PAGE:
Police organisations worldwide face challenges like volume (non-organised) crime, transnational criminal networks and terrorism.
They also need to deal with citizen expectations for more visible community-oriented policing and greater public transparency and accountability, while attempting to reduce costs, according to Tim Godwin, managing director, Police Business Services, Accenture.
With high profile clients such as the Federal Bureau of Investigation (FBI) from the US and the UK's Metropolitan Police Service, Accenture is keen to engage potential customers from the law enforcement agencies in the region.
Godwin spoke to Computerworld Singapore on how the experiences and knowledge gained from working elsewhere can be applied in the island nation.
1) What are the opportunities for Accenture to tap on in Singapore?
By exploiting mobile technologies, police can benefit not only from an interactive crime-fighting tool, automatically searching out and identifying suspects, but also from wider process change. By testing modus operandi and descriptions against offender profiles, police officers can gain intelligence in real-time for the first time.
In addition, accessing fingerprint and facial recognition biometrics at the scene of a crime offers a significant opportunity to improve the effectiveness of the police on the beat. Innovative solutions from the private sector can help to make mobility a reality for police.
Accenture has helped the Guardia Civil Police Force in Spain to enable over 3000 mobile device units allowing over 85,000 force members access its operations system when out on patrol.
Many private sector companies use analytics to identify switching trigger points that increase the likelihood of being able to address issues before they reach the point of losing customers altogether.
Many police forces across the world are using analytics to combat serious crime and, in particular, street crime. By compiling incident reports and analysing available statistical data, law enforcement agencies can forecast criminal activity and, as a result, respond more effectively to the shifting criminal landscape of cities and urban areas.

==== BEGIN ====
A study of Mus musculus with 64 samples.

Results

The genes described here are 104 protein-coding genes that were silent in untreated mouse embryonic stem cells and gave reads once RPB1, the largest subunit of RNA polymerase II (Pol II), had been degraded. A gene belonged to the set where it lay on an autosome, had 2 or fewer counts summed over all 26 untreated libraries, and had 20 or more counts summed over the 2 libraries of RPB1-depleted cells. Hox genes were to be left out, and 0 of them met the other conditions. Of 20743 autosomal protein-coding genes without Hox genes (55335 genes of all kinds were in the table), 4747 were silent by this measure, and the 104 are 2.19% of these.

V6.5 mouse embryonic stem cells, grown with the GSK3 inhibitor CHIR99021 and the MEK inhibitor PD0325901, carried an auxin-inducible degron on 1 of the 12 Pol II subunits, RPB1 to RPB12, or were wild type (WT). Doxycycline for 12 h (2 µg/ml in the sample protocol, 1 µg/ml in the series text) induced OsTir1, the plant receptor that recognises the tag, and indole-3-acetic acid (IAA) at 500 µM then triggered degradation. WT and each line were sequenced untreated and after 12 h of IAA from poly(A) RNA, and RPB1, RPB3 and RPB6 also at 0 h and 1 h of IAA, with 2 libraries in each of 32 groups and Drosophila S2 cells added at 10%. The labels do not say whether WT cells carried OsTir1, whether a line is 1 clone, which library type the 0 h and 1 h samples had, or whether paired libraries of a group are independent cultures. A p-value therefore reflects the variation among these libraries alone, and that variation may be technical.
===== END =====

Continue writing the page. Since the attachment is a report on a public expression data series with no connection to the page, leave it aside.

By working with the private sector to develop a citizen-friendly, Web-based portal, police can enable citizens and customers to report crimes, update cases, check progress of cases, search for information, submit evidence and communicate with officers - and, most importantly, enhance the citizen experience.
The willingness of citizens to collaborate was demonstrated in a recent Accenture pulse survey where 88 percent of respondents said they had an important role in supporting the police to fight crime. What is more, half of the respondents (50 percent) said they would like to see an increase in the use of police websites and portals - offering a huge opportunity for the police.
While social media channels are being used to communicate or broadcast, for some, they are also one of the means to organise criminal incidents and anti-social behaviour - such as during the UK's riots in 2011 or the vandalism and looting of more than 4,000 revellers in a Dutch town after a party posting on Facebook went viral. Managing such incidents is a challenge and one that requires considerable policing resources and focus.